New smartwatch could prevent myopia in kids
A NEW smartwatch may help to prevent myopia in children.
FitSight displays the amount of time users spend in the sun each day - which is believed to reduce the incidence of myopia, or shortsightedness.
Targeted at children aged six to 12, it contains a light meter that tracks light intensity of children's surroundings, which is then translated into hours and minutes.
At the start of last month, head of the myopia research group at the Singapore Eye Research Institute, Saw Seang Mei, embarked on a two-month study to test the first prototype with 100 primary school-aged children.
Half of the group wears it as they go about their daily activities and all participants will answer questions on behavioural change during the trial.
She hopes the device will encourage children to spend at least three hours each day outdoors. Those who achieve this will get a gold badge on the smartwatch's accompanying phone app.
Consistently hitting this target will earn them a platinum badge and Professor Saw explained that such incentives will be developed further.
The prevalence of myopia in Singapore is among the highest in the world.
About 80 per cent of 18-year-olds here are sufferers.
According to Prof Saw, about 10 per cent of children aged between six and 72 months are short-sighted.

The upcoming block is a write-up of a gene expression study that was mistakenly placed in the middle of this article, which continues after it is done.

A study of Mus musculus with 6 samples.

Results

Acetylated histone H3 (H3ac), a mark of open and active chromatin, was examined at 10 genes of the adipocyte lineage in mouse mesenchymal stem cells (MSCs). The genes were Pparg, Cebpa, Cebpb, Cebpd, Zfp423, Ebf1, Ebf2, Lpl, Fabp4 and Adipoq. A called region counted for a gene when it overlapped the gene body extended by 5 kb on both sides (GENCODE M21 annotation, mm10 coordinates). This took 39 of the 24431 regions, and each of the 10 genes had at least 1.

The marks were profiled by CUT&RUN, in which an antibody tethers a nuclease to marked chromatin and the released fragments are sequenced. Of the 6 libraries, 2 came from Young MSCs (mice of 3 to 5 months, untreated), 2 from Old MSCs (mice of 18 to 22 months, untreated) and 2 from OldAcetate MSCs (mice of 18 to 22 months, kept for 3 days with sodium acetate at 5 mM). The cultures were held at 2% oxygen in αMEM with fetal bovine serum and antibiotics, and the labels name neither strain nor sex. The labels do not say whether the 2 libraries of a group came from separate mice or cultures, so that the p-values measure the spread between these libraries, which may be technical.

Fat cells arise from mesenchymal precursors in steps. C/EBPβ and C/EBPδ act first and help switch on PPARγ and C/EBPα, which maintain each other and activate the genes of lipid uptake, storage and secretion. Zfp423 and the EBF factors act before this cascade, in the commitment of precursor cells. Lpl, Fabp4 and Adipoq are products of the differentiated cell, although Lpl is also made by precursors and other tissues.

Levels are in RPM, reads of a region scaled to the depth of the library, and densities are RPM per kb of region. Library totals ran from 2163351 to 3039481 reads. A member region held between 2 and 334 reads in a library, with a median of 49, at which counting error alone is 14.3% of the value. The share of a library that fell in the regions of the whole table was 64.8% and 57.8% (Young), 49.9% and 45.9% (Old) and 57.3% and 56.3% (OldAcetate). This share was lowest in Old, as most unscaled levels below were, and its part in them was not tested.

"If a primary school child becomes myopic, the chance of them developing high myopia later on is high," she added.
High myopia refers to shortsightedness beyond 600 degrees. It raises the risk of other eye conditions such as retinal detachment or macular degeneration.
Spending time outdoors and being exposed to sunlight is believed to reduce the rate of myopia because it encourages the body to produce the biochemical dopamine.
This helps to prevent the eyeball from becoming elongated, which causes the condition.
Results from a study by the Sun Yat-sen University in Guangzhou, China, published in September, show that children who spent an additional 40 minutes outdoors every school day for three years had a 23 per cent reduction in the incidence of myopia.
The study tracked more than 1,900 six-year-olds from 12 schools between 2010 and 2013.